Tuesday, June 9, 2009

Pre-Op Appointment

We had Gavin's pre-op appointment with Dr. Martin today, as well as his pre-anesthesia appointment. During the pre-op, Dr. Martin explained that the surgery will take about 3 hours. Gavin will be put under using a gas mask and then the IV will be put in. That was such great news because I don't want him to be in pain.  He said that the surgery involves a lot of geometry; they have to measure everything and figure out how to repair it in the most aesthetically pleasing way.  Gavin's nose will have to be repaired during the surgery as well, since the nose generally stays flat otherwise.  He will have to wear tubes in his nose for 1-3 weeks after surgery, but the longer the better.  They only remove them at 1 week if there is irritation.  They will use removable sutures to repair his lip.  His alveolar ridge (gum area) will be repaired as well.  It seems like we misunderstood the information about the gum repair we were given earlier.  It will still need to be repaired, but then the bone will generally fuse together after the gum is repaired.  He said in 90% of cases, no additional surgeries are needed, but in the other 10%, they decide later that what was done can be improved upon and an additional surgery is done.  He will have to wear arm restraints for about 2-3 weeks after surgery, which can only be removed during baths.  This will be rough since Gavin always sleeps on his tummy, but he will have to sleep on his back to keep from rubbing his face on the bed.  Overall, the pre-op appointment went great.  Gav was in a good mood and, despite missing out on his usual morning nap, he was all smiles.  That's more than I can say for myself, since I cried during the meeting with the doctor!

After that, we went straight to the pre-anesthesia appointment, where they evaluate Gavin's health history and check him for anemia by doing a finger-prick blood test.  The finger-prick test was tougher on me than Gavin.  After it was done, he cried for about 30 seconds, but then he fell asleep in my arms, while I held his tiny hand and applied pressure to his little thumb like the nurse asked me to.  It's moments like that when I think, darn car seats!  Why can't we live in the days when moms could cuddle their little ones in the car rather than sticking them in the cold car seat?  LOL.  They also gave us some good news: Gavin only has to refrain from eating for 4 hours prior to surgery.  The original paperwork said no eating after midnight.  I didn't know how we were going to accomplish that since Gav wakes up around 5:30 each morning to eat and letting him cry in hunger would just break my heart!  But they said breast-fed babies can eat 4 hours prior to surgery, while formula-fed babies require 6 hours because breast milk breaks down faster.  So next Monday, on surgery day, we will wake Gav up and feed him 4 hours before his surgery time and then hope he goes back to sleep and doesn't want to eat again before we leave.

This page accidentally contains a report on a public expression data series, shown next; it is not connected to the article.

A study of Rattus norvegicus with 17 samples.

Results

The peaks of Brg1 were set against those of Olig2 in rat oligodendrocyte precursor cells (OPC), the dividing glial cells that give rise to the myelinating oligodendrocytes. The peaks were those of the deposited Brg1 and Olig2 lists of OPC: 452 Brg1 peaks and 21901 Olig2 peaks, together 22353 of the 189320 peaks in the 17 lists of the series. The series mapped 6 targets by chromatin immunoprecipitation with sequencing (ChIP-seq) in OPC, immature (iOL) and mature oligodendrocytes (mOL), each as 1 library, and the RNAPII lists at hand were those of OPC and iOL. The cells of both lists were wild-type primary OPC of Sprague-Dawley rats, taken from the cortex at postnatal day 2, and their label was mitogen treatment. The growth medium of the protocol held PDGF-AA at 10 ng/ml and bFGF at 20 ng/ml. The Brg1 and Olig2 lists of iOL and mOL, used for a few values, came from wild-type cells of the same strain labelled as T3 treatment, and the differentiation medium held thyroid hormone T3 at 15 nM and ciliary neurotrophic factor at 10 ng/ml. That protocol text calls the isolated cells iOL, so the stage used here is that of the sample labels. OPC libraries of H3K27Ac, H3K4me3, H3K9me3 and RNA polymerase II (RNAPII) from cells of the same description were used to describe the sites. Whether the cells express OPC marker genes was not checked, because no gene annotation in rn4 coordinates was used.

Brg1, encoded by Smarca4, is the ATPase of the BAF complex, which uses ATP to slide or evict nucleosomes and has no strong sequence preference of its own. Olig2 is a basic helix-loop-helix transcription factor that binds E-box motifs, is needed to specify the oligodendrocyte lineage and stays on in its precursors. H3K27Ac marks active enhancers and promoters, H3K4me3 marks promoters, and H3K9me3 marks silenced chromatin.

Anyway, Gav was just an angel all day.  The nurses at the pre-anesthesia appointment commented on how content he was and how nothing seemed to bother him.  He even gave them a few smiles, which they loved.  It's that sweet smile that I am going to miss so much.  I've still been trying to get more pictures of that adorable smile, but it is so hard, since he becomes mesmerized by the camera every time I whip it out and stops smiling.  But I managed to get a few good ones last night.  Here is one for you to enjoy!

Cuddling with Daddy after a long day at Loma Linda:


  1. One of the things we did for Rachel when she had her surgeries and was forced to wear the restraints was that she slept in her car seat. I know that sounds uncomfortable, but it was the only way she could get comfy with the restraints on.

    WHen she was in her carried, we simply strapped her in, and put the carrier right into her crib, that way she was in her familiar surroundings for sleeping, naps, etc.

    When she grew older and was in the 5 pt car seat, we put our extra one in the crib as well. And buckled her in.

    She slept perfectly fine and never once had a problem. We did it for for the 3 weeks she had the restraints on.

    Glad Gavin was in good spirits for his appointments today!

  2. Hello--I saw your blog on ABC Frye and had to comment! My Riley was born in April with an incomplete bilateral cleft lip. Her palate is intact. I couldn't tell from your posts if Gavin's palate is involved, but we too have had bottle woes. I'm currently pumping. We started out on the Haberman feeders--Riley would eat but not very well. Then tried Dr Brown's--again she would eat but not too great. Then tried Avent--she hated them! Then finally Platex Nursers--she loves them! She can down a 4oz bottle in 10 minutes! She's eating so much better...Gavin is such a cutie! Good luck with the upcoming surgery!